Old Sarum Airfield may 'have no choice' but to bring back flying

Old Sarum Airfield may 'have no choice' but to bring back flying

Published by Faye Tryhorn at 11:17am 6th May 2020. (Updated at 5:43pm 6th May 2020)

4 minute read

The site's owners claim it could be the only way to provide 'long term economic viability' if a decision to refuse plans to build houses there isn't overturned.

A Judicial Review's starting today (Wednesday 6th May) into whether a decision by the Planning Inspectorate to throw out the housing scheme is lawful. 

Old Sarum Airfield's owners want to build 460 new homes on the side of the site closest to Ford village, despite opposition from local residents and heritage campaigners.

Old Sarum Airfield Southern Side
The houses were planned to be built on the Southern side of the airfield

Following the Planning Inspectorate decision, the Airfield closed to flying in October 2019.

The owners are now suggesting that operations could return, including some night flying.

A spokesperson for Old Sarum Airfield said:

"Our hope is that the Judicial Review will permit a way to be identified to allow the development to go ahead which will not only create much-needed new homes in accordance with the Core Strategy but will help to safeguard the Airfield's future as a quiet heritage amenity. 
 
"The Airfield has required substantial subsidies to enable it to remain open as a public facility, operating at the quiet and moderate operational levels that were agreed with the Council in 2007. 

"Under the current commercial operating model, if the development is not permitted, we will have no choice but to increase operations at the Airfield in order for it to provide long term economic viability which was surrendered in 2007 as a result of Council's request. Recouping the substantial losses will mean increasing fixed, rotary and training operations including night flying."

The Judicial Review is expected to take a number of days to complete.

Planes on landing strip runway at Old Sarum Airfield - plane aircraft (Mike Draper) (5)
The Airfield back when ahead of the closure last year

Maintaining the airfield and its hangars for operational use is exactly what many campaigners had hoped for.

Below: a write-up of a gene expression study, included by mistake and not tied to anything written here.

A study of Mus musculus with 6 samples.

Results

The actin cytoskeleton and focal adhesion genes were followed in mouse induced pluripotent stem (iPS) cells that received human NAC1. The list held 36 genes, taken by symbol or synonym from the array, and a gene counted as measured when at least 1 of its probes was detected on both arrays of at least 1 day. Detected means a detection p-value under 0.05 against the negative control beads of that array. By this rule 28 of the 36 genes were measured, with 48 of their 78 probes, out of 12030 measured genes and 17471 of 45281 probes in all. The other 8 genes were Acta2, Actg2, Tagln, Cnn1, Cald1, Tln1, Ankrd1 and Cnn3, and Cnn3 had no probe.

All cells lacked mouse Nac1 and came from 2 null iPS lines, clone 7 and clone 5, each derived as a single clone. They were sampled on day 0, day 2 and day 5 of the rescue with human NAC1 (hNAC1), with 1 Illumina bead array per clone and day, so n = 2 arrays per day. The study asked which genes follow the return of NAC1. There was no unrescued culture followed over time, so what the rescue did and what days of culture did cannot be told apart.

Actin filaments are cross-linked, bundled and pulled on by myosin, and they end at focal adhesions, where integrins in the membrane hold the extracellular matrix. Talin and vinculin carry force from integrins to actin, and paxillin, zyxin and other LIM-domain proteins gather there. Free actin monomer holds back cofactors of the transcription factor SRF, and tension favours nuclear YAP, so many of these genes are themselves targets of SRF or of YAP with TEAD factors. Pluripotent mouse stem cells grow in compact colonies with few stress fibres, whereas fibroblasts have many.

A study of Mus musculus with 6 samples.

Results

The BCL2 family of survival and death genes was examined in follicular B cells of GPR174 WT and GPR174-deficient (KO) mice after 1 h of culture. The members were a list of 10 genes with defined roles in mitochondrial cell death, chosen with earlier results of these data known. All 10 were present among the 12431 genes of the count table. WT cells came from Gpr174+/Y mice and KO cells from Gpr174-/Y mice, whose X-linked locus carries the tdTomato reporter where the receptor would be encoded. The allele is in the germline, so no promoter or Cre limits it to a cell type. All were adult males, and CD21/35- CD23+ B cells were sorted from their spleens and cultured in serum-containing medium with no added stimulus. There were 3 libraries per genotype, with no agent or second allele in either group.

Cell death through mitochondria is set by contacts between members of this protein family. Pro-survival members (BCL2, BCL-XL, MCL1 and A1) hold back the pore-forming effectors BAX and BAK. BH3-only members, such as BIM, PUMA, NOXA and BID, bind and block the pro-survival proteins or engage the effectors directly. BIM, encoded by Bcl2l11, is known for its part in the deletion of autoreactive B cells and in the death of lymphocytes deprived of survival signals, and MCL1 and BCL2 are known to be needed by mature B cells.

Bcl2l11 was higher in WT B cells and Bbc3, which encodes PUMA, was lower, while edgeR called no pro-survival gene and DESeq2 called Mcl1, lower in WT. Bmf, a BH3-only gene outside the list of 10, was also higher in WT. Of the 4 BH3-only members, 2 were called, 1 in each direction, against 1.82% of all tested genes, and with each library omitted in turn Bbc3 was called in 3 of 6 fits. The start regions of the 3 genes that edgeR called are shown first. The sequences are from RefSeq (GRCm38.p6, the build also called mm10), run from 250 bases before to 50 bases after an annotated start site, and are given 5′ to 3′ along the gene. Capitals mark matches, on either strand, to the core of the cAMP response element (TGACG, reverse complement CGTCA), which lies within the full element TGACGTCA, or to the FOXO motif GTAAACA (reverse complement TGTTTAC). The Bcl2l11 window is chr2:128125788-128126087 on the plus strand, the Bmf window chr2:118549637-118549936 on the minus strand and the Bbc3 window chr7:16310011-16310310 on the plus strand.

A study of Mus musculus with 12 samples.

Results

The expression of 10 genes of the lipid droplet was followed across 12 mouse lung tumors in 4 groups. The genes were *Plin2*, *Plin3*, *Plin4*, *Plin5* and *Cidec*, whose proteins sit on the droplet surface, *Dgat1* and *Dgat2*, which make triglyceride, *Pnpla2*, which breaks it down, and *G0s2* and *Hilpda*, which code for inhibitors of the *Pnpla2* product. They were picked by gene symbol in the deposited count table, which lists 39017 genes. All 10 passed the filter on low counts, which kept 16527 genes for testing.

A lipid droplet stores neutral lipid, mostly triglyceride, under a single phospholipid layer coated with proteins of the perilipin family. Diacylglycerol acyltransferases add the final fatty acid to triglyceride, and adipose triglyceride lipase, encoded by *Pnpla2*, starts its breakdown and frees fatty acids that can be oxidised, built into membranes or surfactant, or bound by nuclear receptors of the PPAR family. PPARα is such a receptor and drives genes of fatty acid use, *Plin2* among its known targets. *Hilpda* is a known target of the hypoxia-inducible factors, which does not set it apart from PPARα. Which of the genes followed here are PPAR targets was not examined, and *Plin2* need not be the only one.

Old Sarum Airfield was first established in 1917 and was one of the last World War One landing strips to still be operational.

The site's owners say they want to keep flying there: 

"The Airfield is part of the community. We employ local people and welcome visitors from Salisbury, Wiltshire and across the UK. We hope we can continue to operate at a moderate level without the need for increasing the types and volume of air traffic in the future."

Planes on landing strip runway at Old Sarum Airfield - plane aircraft (Mike Draper) (6)
The Airfield regularly saw planes taking off and landing at the site, but the owner's claim more a viable income stream is needed

Wiltshire Council has responded to the claims that the amount of flying had been restricted by them.

In a statement, they've told Spire FM News:

"There are no current planning restrictions on flights at the airfield. They could in planning terms increase flights at any time, subject to whatever rules and regulations there may be from the Civil Aviation Authority."

Since the Airfield closed, the only activity there has been by parachute jumping company GoSkydive, who signed a deal to remain there.

Some of the land has also been ploughed at the airfield, and the hangars have fallen into a poor state of repair, raising concerns from residents: 

'ANIMAL WELFARE FLIGHTS' STARTING UP

The owners of Old Sarum Airfield say some of the first flights to return to the site will 'support animal health checks' during the Covid-19 crisis.

The airfield's set to be used to help 'transport vets across the UK' to monitor the health of poultry, cows, sheep and pigs.

A spokesperson for Old Sarum Airfield said: 

"This work is a vital part in keeping the UK supply chain moving during the Covid-19 crisis and the owners of the airfield are delighted they can offer help to the nation during this unprecedented crisis."